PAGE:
Sunday, December 12, 2010

One Hundred Things My Mother Taught Me A Million Times – Chapter 59

#59– “Make sure you have plenty of beds for family.”

 (Happy 10th Birthday Sweet Granddaughter Syd)

I’m not sure why, but it galls me when I have to admit that I’ve adopted one of my mother’s particularly weird idiosyncrasies.  Do you ever wonder why nasty words like gall, which is a “tumor-like growth of burrowing insect larvae,” and “the greenish, profoundly bitter-tasting fluid in bile ducts,” aren’t profanity? I didn’t think so, but back to beds and mom’s idiosyncrasies.

My mom’s genetic makeup evidently included a “not enough beds” code. Perhaps it evolved from generations of bed sharing by too many kids. I don’t know, but whatever the reason, we had beds all over our house. They were in the bedroom like normal homes, but each of our bedrooms contained at least two full-sized beds. There were also beds on the porch, beds in the living room, and even beds on the front yard. All predicated on mom’s eternal hope that all her chicks (kids) would come home with family in tow.

Let’s see, if everyone was home at the same time, which would be mom’s five kids, their five husbands/wives (total, not each), and their fourteen kids (total, not each) – that would be 24 people (not counting mom). If everyone slept two to a bed, that’s 12 beds. So mom’s logic wasn’t really that off I guess. However, (1) No doubt to mom’s dismay, I don’t think all 24 of us were ever in mom’s house at one time, and (2) That’s probably a good thing, as parricide (killing a close relative – my new word) would have undoubtedly occurred.

I should admit that the beds on the porch and front yard were mostly about the heat of summer and no air conditioning. Central air wasn’t common in our neck of the woods, and the “swamp cooler” wasn’t turned on unless it was so hot the pavement was still liquid at midnight. Click on Read More Below...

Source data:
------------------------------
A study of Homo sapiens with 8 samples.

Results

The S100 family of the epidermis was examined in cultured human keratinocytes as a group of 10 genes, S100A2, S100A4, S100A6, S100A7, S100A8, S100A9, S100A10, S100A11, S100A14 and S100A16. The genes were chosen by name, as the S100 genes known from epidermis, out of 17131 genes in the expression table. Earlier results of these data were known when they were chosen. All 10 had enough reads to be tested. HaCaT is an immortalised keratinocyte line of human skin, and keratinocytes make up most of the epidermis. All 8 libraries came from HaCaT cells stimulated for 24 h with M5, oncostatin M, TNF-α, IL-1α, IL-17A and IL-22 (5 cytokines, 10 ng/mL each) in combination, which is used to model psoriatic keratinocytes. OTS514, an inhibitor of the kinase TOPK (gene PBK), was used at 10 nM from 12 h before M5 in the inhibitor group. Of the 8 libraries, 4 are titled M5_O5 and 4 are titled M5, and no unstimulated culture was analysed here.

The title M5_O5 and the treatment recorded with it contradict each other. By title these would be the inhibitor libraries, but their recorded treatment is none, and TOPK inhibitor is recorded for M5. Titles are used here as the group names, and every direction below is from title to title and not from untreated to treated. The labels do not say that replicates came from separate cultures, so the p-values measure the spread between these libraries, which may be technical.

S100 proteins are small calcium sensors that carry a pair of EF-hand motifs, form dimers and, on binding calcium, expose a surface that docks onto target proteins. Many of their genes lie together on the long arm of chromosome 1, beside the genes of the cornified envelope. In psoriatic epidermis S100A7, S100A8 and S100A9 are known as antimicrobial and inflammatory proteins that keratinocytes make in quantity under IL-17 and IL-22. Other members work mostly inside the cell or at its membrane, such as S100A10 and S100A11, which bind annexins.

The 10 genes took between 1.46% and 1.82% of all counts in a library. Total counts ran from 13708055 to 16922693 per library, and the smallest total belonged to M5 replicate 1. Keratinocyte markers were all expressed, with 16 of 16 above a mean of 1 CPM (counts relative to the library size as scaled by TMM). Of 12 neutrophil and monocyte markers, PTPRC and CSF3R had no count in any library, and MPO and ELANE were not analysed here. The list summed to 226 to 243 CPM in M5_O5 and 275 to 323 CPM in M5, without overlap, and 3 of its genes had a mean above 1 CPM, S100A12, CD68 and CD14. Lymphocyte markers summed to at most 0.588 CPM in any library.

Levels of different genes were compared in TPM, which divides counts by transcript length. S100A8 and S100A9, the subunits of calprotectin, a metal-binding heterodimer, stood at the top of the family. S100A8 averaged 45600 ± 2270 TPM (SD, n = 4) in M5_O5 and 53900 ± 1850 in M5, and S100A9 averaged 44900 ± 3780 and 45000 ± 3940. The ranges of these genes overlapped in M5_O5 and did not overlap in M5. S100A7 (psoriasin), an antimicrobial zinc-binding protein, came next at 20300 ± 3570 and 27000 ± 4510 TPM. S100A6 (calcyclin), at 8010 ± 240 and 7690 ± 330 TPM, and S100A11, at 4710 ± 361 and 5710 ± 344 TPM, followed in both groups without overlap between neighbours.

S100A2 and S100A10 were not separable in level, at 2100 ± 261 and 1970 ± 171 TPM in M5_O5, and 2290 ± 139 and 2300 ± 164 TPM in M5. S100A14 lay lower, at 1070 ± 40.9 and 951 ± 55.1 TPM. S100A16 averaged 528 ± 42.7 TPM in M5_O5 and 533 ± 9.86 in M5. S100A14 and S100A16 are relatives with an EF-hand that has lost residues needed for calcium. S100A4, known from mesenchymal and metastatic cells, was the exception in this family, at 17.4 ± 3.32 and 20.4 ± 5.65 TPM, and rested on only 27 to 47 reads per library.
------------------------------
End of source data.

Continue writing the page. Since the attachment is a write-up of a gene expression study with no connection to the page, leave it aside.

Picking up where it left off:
When mom wouldn’t let me turn the swamp cooler on (too expensive to run), and it was still too hot on the front porch, we’d drag the mattress out into the front yard, hoping to catch a stray breeze. I’d wake up the next day my eyes nearly swollen shut from mosquito bites.

#59 is a genetic propensity too strong to fight. I too am always plotting ways to lure my kids all home at the same time, which necessitates more places to sleep. The hubby and I have resisted the temptation to buy a big house to accommodate the onslaught that may never happen, and contrary to my childrens' belief, I try very hard not to pressure them to “come home.” Plot yes, pressure no. We recently bought a couch/bed for our “lounge,” formerly the office. And we keep “blow up” beds, “just in case.” But the fact remains that with only two bathrooms, regardless of whether you can stack beds in every spare space, showering and going potty become an issue.

In truth, the bottom line of mom’s lesson #59 is to not ever let anything get in the way of family getting together. It is a lesson I respect and a gene I’m very glad I inherited. So mom was right, make sure you have plenty of beds for family.


  1. The few times I've driven by Momy's last house in Iraan, it looks so much smaller than when I was a kid. And one of the first things that comes to memory is just what you talked about. As I'm driving slowly by and sorting through memories, I wonder just how there was enough room in that house for the beds, couches, chairs and dining table. Somehow it all worked and we always had a space to call our own :) Lynda Marie

  2. I remember once when visiting Mommy Wade and you, taking a nap on a bed in the living room near the swamp cooler. The noise of a cooler was like a lullabye that put me to sleep. It was so hot out that everyone took a nap just to escape the heat for awhile and I felt lucky to nab a spot so close to the cooler.